A hysterectomy is a common procedure that some women may need to help stop pain, bleeding, or other problems. It can be done in several ways.
A vaginal hysterectomy is a surgery to remove a woman’s uterus. The uterus is removed through the vagina.
The uterus is an organ in the lower abdomen. It’s shaped like an upside-down pear. The opening at the bottom of the uterus is the cervix. The cervix leads into the vagina. The top of the uterus is called the fundus. Two fallopian tubes connect to the uterus near the fundus. The tubes lead to the ovaries. Each month or so, one ovary releases an egg. It travels down the nearest fallopian tube to the uterus.
During a vaginal hysterectomy, the whole uterus is removed. In some cases, the ovaries and fallopian tubes may also be removed. It’s important to know that if you have a hysterectomy, you will no longer have periods. And you will not be able to get pregnant.
Reasons for the Procedure
Your health care provider may recommend a vaginal hysterectomy for several reasons. You may have cancer of the uterus, ovaries, or cervix. You may have tissue growths called fibroids. You may have heavy bleeding during your periods. You may have endometriosis. This is when the tissue from the lining of the uterus also grows outside the uterus. You may have uterine prolapse, which is when your uterus bulges down into your vagina.
These conditions can cause pain, discomfort, bleeding, and other problems. They may lead to future health problems. If left untreated, cancer can cause death. A hysterectomy is done only if other treatments will not work.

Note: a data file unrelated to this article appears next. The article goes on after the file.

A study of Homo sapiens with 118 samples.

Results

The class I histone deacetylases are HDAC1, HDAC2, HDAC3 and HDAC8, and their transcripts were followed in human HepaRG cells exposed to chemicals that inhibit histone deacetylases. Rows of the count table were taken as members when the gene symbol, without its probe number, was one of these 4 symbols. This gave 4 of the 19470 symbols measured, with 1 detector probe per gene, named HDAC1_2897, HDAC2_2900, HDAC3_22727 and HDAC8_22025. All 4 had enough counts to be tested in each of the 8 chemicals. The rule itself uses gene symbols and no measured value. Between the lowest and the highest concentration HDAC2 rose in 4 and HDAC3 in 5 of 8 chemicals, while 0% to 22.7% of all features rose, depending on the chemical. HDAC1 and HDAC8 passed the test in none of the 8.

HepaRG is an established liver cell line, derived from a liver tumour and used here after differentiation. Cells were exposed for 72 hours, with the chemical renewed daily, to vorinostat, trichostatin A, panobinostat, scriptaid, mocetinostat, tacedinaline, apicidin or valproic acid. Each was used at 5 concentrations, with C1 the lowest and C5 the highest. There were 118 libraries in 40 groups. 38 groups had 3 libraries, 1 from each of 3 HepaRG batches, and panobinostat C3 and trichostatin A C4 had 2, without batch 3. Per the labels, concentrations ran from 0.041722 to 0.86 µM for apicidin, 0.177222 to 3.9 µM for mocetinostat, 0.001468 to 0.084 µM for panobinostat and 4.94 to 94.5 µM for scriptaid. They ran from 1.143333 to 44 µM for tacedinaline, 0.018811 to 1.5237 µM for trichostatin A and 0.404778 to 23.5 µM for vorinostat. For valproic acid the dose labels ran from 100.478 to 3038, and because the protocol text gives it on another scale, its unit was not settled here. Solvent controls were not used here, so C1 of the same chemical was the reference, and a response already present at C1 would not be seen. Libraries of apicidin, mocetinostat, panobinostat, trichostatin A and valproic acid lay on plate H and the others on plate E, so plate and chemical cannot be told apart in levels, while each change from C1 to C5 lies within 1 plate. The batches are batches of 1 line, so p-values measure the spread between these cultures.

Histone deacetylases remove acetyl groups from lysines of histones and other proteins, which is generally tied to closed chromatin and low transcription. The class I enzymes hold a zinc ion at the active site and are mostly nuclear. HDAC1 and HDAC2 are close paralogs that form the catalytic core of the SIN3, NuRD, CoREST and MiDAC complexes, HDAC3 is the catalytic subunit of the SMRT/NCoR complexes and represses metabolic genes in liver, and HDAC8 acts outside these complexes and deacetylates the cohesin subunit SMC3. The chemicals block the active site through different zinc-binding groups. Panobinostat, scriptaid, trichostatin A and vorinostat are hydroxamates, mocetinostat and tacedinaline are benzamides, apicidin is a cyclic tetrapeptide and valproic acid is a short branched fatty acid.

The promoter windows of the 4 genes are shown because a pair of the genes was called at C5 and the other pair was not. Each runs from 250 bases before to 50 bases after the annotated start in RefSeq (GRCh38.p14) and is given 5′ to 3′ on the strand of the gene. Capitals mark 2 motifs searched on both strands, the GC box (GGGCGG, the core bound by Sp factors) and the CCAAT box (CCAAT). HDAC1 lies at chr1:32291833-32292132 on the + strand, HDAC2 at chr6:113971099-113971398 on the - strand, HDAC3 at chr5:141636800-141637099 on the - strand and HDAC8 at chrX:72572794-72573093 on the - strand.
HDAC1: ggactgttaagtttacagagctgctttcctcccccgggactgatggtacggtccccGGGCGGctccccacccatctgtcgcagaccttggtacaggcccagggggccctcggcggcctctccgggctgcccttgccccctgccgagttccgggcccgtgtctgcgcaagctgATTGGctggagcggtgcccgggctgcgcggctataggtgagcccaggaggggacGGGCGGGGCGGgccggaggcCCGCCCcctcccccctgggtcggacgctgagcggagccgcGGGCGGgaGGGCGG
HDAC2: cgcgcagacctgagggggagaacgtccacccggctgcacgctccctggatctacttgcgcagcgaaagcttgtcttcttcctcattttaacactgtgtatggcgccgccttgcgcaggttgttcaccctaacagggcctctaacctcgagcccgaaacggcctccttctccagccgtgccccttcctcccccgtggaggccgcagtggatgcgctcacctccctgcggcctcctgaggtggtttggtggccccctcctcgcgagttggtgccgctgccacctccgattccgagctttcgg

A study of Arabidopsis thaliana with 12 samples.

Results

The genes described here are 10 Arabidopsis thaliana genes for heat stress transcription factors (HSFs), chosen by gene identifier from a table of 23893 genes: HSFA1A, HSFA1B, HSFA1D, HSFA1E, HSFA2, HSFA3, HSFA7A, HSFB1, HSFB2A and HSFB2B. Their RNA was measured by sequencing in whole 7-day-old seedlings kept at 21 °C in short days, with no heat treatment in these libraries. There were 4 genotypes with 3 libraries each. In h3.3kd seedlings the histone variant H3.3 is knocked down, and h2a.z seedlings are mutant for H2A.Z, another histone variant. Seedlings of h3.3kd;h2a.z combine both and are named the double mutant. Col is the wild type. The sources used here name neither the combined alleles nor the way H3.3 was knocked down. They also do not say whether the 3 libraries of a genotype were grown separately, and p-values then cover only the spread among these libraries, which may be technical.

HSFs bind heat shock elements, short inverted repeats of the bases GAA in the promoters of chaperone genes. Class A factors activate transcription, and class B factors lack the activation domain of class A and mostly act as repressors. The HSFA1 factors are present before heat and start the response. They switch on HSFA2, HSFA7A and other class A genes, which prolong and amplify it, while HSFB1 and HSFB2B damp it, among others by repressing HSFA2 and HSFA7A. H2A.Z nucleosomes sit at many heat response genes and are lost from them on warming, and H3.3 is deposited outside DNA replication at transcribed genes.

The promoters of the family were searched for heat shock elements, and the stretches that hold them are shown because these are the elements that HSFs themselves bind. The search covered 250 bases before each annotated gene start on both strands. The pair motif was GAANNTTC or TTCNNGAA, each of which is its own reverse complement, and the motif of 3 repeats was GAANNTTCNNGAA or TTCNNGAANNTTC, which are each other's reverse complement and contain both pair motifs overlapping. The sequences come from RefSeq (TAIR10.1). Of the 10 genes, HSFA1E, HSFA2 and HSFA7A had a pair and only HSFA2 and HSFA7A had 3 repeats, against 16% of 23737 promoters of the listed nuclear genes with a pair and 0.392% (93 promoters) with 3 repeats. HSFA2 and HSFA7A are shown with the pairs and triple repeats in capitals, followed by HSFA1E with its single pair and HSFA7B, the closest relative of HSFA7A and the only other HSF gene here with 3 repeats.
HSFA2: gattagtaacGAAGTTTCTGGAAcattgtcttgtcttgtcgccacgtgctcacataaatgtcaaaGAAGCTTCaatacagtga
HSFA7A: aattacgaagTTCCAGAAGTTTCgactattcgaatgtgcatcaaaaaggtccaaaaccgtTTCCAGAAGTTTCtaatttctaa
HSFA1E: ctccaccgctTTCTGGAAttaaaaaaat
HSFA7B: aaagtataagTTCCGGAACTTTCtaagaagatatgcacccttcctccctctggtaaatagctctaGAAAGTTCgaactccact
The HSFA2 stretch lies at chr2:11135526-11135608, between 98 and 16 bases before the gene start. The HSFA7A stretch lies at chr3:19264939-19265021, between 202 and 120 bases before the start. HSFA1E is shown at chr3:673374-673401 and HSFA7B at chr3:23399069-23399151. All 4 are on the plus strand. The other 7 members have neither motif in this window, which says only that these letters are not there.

What to Expect
Before the operation, you may need to stop using certain medications. You may be told to quit smoking or stop drinking alcohol. You may not be allowed to eat for a certain number of hours before the surgery.
The surgery takes about two hours. You will be given medication to make you sleep. You might also be given medication to keep you from feeling any pain from the waist down.
While you are asleep, an incision is made in the vagina. This is to separate the uterus from the tissues around it. The uterus is removed through the vagina. The fallopian tubes and ovaries may be removed. If you have cancer, extra tissue from the vagina may be removed as well. In some cases, the healthcare provider may need to switch to an abdominal hysterectomy. This is done by making an incision in the abdomen. This may be done if he or she finds scar tissue inside the abdomen during the vaginal hysterectomy.
After the Procedure
You will stay in the hospital for one to two days after the procedure. You may be in pain and have cramps. You may have trouble urinating for a short time. You will have vaginal bleeding for a week or so after the surgery.
It can take about three to six weeks to fully recover from the surgery. Each woman’s recovery time is different. Check with your healthcare provider before going back to your normal activities.
Things to Remember
- During a vaginal hysterectomy, your uterus will be removed through an opening in your vagina.
- It can take three to six weeks before you completely recover.
- You will never get your periods again or be able to get pregnant.
A hysterectomy is a common procedure that can help stop pain, bleeding, and other problems in the abdomen. If you have any questions or concerns, make sure to talk with your healthcare provider.
What We Have Learned
- During a hysterectomy, the fallopian tubes and ovaries may also be removed. True or false?
The answer is True. One or both fallopian tubes and one or both ovaries may be removed.
- During a vaginal hysterectomy, the healthcare provider may need to switch to an abdominal hysterectomy instead. True or false?
The answer is True. This is done by making an incision in the abdomen. This may be done if he or she finds scar tissue inside the abdomen during the vaginal hysterectomy.
- After a hysterectomy, you can still get pregnant. True or false?
The answer is False. After a hysterectomy, you will not be able to get pregnant. You will also not have periods.